When Black Lives Are Under Attack, What Do We Do? Stand Up, Fight Back!

Counter-protesters dance on H Street Northwest outside of Lafayette Park during the Unite the Right rally on Aug. 12, 2018, in Washington, D.C.
Counter-protesters dance on H Street Northwest outside of Lafayette Park during the Unite the Right rally on Aug. 12, 2018, in Washington, D.C.
Photo: Alex Wroblewski (Getty Images)

It seemed like the “alt-right” got the memo that spewing hateful rhetoric and inciting violence like we saw last year in Charlottesville, Va., only further marginalizes them. The few neo-Nazis, white nationalists and sympathizers who were present at the Unite the Right 2 March were completely dwarfed and drowned out by thousands of counter-protesters. Black Lives Matter DC and BYP100 showed up and organized over 4,000 people to remind the country that although there is a white supremacist in office, the voices of the people will be heard.


Last year, we witnessed a white supremacist march into Charlottesville that created violence and death. Counter-protestors stood up boldly against mostly white men who were hell-bent on creating a type of chaos reminiscent of the early 1930s and ’40s during the height of lynch mobs. After the protest, Heather Heyer was dead and a city and nation whirled with trauma.

A few weeks later, white supremacist protesters decided to show up in Boston with another Unite the Right rally. This time our movement was prepared and with the leadership of Black Lives Matter Boston, Cambridge and a fierce activist, Monica Cannon, they mobilized thousands of folks to show up and counter-protest against a laughably tiny rally of white supremacists.

We are living under some of the most frightening times and yet organizations like Black Lives Matter and BYP100—both parts of the Movement for Black Lives—are not just organizing counter-protests against white supremacists, but are on the front lines of changing the way we understand democracy. We march, we vote, we challenge and confront this nation’s underbelly and we are winning.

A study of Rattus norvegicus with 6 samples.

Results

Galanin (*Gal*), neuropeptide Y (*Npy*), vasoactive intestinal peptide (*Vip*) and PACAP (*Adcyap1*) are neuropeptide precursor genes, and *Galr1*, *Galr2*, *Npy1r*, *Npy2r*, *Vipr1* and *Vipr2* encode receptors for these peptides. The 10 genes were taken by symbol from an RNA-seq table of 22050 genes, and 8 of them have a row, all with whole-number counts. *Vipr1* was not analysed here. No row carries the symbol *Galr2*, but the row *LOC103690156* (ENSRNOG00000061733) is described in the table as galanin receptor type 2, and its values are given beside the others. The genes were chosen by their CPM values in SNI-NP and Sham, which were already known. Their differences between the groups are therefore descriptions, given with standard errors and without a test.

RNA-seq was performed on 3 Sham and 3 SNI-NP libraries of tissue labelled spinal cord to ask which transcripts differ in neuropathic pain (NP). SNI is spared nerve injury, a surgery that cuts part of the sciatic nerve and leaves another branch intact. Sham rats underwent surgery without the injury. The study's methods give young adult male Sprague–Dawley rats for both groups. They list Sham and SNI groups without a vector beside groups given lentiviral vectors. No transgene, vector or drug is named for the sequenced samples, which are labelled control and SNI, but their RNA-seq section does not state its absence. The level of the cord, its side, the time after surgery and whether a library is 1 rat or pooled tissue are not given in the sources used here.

They said 400 people full of hate rhetoric would be in D.C. and yet only 25 of them showed up. This is because our work is working. Our movements are developing a sophisticated response to the cowardice of white supremacists who are unable to mobilize their own base to a rally they called for.

Sunday was a victory. It was incredible to see black people: queer, cis, trans, nongender conforming, disabled, immigrants, and our allies all standing up to white supremacy, and experiencing love and joy together. It was beautiful. We are here to get down to business and to send the clear message that we will always stand up for equality and black lives while having fun. BLM rallies are full of song and dance, allies, affirmation and pride.


We were here not only to confront white supremacy but to promote black liberation and center black joy.

Patrisse Khan-Cullors is an artist, organizer and freedom fighter living and working in Los Angeles. Co-founder of Black Lives Matter, and founder of Dignity and Power Now, she is also a performance artist, a Fulbright scholar, a popular public speaker and an NAACP History Maker. Patrisse is currently a 2019 MFA candidate at the University of Southern California. Follow her on Twitter.



What happened Sunday is a prime example why they have an issue with us protesting but have nothing to say when the KKK is marching the streets. We come out in high numbers and watch their numbers dwindle.